When Can An FHA Mortgage Loan Be Refinanced?
When you bought your home, the idea of renting just one more year probably made you want to tear your hair out. After all, when you’re renting, you’re subject to the rules and whims of the owner (according to the rental contract, of course). Want to get rid of that awful orange paint in the dining room? Not unless the landlord okays it! Unfortunately, that itch to own and get out from under your landlord’s thumb may have resulted in a less-than-favorable interest rate and a high monthly payment. If you’ve managed to build up some good equity in your home and fixed that low credit score, refinancing your FHA mortgage loan could help lower your monthly payments. But can an FHA mortgage loan be refinanced at any time?
Refinancing a loan is, essentially, paying off the existing loan and replacing it with a new one. More often than not, that means there aren’t any restrictions about refinancing, at least as designated by the original loan. The easy answer is that an FHA mortgage loan (or any mortgage financing) can be refinanced whenever you choose. However, just because you can refinance at any time doesn’t mean you should. Refinancing can have major financial impact, so we suggest a bit of planning before diving straight into the refinance process.
Types of Refinancing
If you currently have an FHA mortgage loan, you have a couple of options. You can opt for a streamlined FHA refinance or you can opt to refinance with a conventional loan. An FHA mortgage loan refinance often gets processed more quickly, since you’re going from one FHA loan to another. This means you can go through the refinancing process without dredging up a lot of documentation you’d traditionally need, since your current loan has that information already. However, with FHA mortgage loan refinancing specifically, you have to have had the loan for a given amount of time (which is different based on when your FHA loan was initiated). You also cannot have more than one late payment that was more than 30 days late, and that one late payment cannot have been in the last 90 days. The other big stipulation is that refinancing has to show a “net tangible benefit,” which is to say that the refinance has to improve the financial situation of the borrower. For FHA mortgage loan refinancing specifically, that means principal and interest have to be reduced by at least 5 percent of the loan’s value and/or take your loan from an adjustable rate mortgage to a fixed-rate loan.
Conventional Loan Refinancing
Refinancing to a conventional loan offers different benefits and drawbacks. Making the switch to a conventional loan can often offer a better interest rate, especially if you have built up enough equity in the original loan to cover 20 percent of the loan’s value or more. The flipside is that if you’re under that 20 percent threshold, you could face mortgage insurance. Conventional loans also potentially offer better interest rates, especially if your credit score is good. Since many borrowers with FHA mortgage loans had poor credit when initiating the loan, an improved credit score can have a big impact on the interest rate you’re offered. Combine that with at least 20 percent equity and conventional mortgage refinancing offers the possibility of a pretty good decrease in your monthly payments.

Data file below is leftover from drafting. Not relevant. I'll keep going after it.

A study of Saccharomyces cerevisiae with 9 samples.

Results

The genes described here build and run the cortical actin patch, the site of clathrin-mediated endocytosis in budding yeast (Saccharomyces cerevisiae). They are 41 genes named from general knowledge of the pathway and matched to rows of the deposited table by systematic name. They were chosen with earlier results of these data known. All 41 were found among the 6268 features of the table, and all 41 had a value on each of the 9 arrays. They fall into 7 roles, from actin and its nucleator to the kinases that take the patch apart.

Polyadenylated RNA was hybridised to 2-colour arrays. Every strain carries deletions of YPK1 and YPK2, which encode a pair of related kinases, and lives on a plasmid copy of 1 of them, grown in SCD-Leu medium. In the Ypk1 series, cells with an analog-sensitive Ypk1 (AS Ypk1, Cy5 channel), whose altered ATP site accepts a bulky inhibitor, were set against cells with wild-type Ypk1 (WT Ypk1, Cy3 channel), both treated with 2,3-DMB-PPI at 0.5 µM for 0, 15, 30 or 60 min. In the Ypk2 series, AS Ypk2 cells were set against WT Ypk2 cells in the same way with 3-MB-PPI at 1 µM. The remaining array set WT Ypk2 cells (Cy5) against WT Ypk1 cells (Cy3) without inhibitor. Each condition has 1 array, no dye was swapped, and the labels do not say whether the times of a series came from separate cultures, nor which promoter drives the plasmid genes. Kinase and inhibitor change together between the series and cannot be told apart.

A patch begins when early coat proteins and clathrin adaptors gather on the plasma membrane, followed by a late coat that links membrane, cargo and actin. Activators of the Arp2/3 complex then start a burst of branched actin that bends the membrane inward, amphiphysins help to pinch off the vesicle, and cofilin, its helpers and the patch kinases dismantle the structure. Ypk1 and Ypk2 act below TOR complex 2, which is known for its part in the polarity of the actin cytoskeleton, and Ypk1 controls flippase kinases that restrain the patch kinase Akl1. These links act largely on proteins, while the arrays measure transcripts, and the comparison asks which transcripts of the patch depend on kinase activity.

However — and this is a big however — when you refinance with a conventional loan, you will have to pay closing costs and supply new rounds of documentation. This is a big thing to remember because, not only will you have to prove how financially stable you are with W-2s and pay stubs, you’ll also take on a bit more debt with the closing costs. Closing costs usually range between 2 and 5 percent of the cost of the loan. For example, a minimal 2 percent of a $400,000 loan is still $8,000. You may be able to roll those costs into the new loan, but you may also be responsible for paying that amount when you sign on the dotted line.
When Refinancing Makes Sense
Confused yet? It’s understandable, so let’s break it down to the basics. Refinancing should only be done when you’ll benefit financially. That includes both up-front and in the long-term. If you refinance to a conventional loan, but you’ll need mortgage insurance, add up what that cost will be until you hit the 78 percent threshold. That additional cost may mean it’s not worth it to refinance yet. If refinancing will reduce your monthly payments but you can’t afford the closing costs, you may be better off waiting and saving up. The same thing goes with documentation. For example, if you recently switched from a salaried position to a commission-based job, you’ll want to wait a while before refinancing since commission-based pay is valued differently.
In the end, if refinancing will help you move from an adjustable-rate to a fixed-rate loan, it will lower your interest rate, and/or the closing costs are less than your net gain, refinancing makes sense. The best way to gauge that is to start with a refinancing calculator to figure out where your break-even point is. Then, contact the mortgage broker team at Patriot Home Mortgage. We work with multiple mortgage and refinancing options so we can help you determine whether now is a good time to refinance and which option to choose. Contact us today to get started!